The governing Democratic Party of Japan of Prime Minister Naoto Kanheld a leadership convention on Tuesday, September 14, 2010. Just as in Canada and other British parliamentary democracies the leader of the majority party is also the prime minister. Mr. Kan took over from Prime Minister Hatoyama late last spring after Mr. Hatoyama was beaten into retirement by low public opinion polls only months after his party knocked the Liberal Democratic Party out of its 55-year monopoly on government here. Then he led his party into a losing lower house election in July. Mr. Kan was challenged at this leadership convention by Ichiro Ozawa, a founding member of the party, a leader of a large faction, and a shadowy fixer who has long hungered for the premiership. But lingering financial irregularity scandals have dogged him and prevented him from claiming the Prime Minister’s office. I saw the final vote tally on livetelevision in the afternoon where Mr.Kan easily trounced Mr. Ozawa. It’s a good thing, too, because if Ozawa had won the party leadership - and the premiership along with it - then he would have become Japan’s third prime minister in the last year, which is more than a little ridiculous, I think.
The premiership of Japan is typically a revolving-door kind of office. It has less to do with different policy visions prevailing over rival visions than it does with one old man after another winning the right temporarily to occupy the seat after enduring a career of quiet behind-the-scenes dealing in the shadows of other men whose only merit is their party seniority. Seniority and age count for more than individual talent and merit here. And, Japanese dislike public confrontation. Therefore they are prone to avoid the risks of public conflict through policy debates of contrasting ideas. That is why an election campaign here amounts to little more than candidates and their campaign workers patrolling the streets in cars and vans with loud speakers mounted on the roofs shouting, or playing recorded messages like, “My name is Watanabe! Watanabe of the Democratic Party! Please be kind to me! Watanabe! That’s me!”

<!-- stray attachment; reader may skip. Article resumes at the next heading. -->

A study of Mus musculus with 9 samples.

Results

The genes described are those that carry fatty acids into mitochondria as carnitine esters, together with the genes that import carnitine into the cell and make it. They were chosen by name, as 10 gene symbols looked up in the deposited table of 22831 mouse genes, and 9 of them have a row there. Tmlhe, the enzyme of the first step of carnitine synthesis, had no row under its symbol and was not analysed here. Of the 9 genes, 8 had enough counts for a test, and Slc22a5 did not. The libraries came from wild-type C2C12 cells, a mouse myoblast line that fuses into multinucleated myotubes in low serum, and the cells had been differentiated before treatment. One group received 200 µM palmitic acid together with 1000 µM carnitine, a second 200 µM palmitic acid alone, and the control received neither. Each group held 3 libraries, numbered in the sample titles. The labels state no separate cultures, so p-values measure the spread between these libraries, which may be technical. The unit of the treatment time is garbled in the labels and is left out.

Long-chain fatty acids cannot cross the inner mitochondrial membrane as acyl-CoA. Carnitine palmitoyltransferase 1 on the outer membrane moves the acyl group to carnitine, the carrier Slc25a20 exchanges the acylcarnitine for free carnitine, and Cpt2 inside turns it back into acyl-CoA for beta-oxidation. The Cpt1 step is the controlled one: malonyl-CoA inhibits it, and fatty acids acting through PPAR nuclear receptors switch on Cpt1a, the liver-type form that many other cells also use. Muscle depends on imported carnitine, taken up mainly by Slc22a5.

Of course, it has to be conceded that since the culture here frowns on public debate and the law prohibits door-to-door canvassing, the candidates are left with little choice. The Internet, Facebook, Twittering, blogging etc. are only beginning to be explored, but their use in political campaigns is restricted by law. Or, rather, their use is not yet fully described by law, which for Japanese amounts practically to the same thing. Also, Japanese are naturally very conservative, so mostly they just muddle along - Japanese are aficionados of muddling along - with the old system of roving screaming announcement vans and back door deal making. Incidentally, this entrenched habit of “muddling along” has contributed to Japan’s two decades of economic stagnation and the so-called “lost generation” of workers. There is a structural inability here to take necessary, effective decisions in a timely manner.
The exceptionally durable tenures of Prime Ministers Junichiro Koizumi (2001-2006), and Yasuhiro Nakasone (1982-1987) are notable anomalies. Explaining them would take a whole book. Or, several books.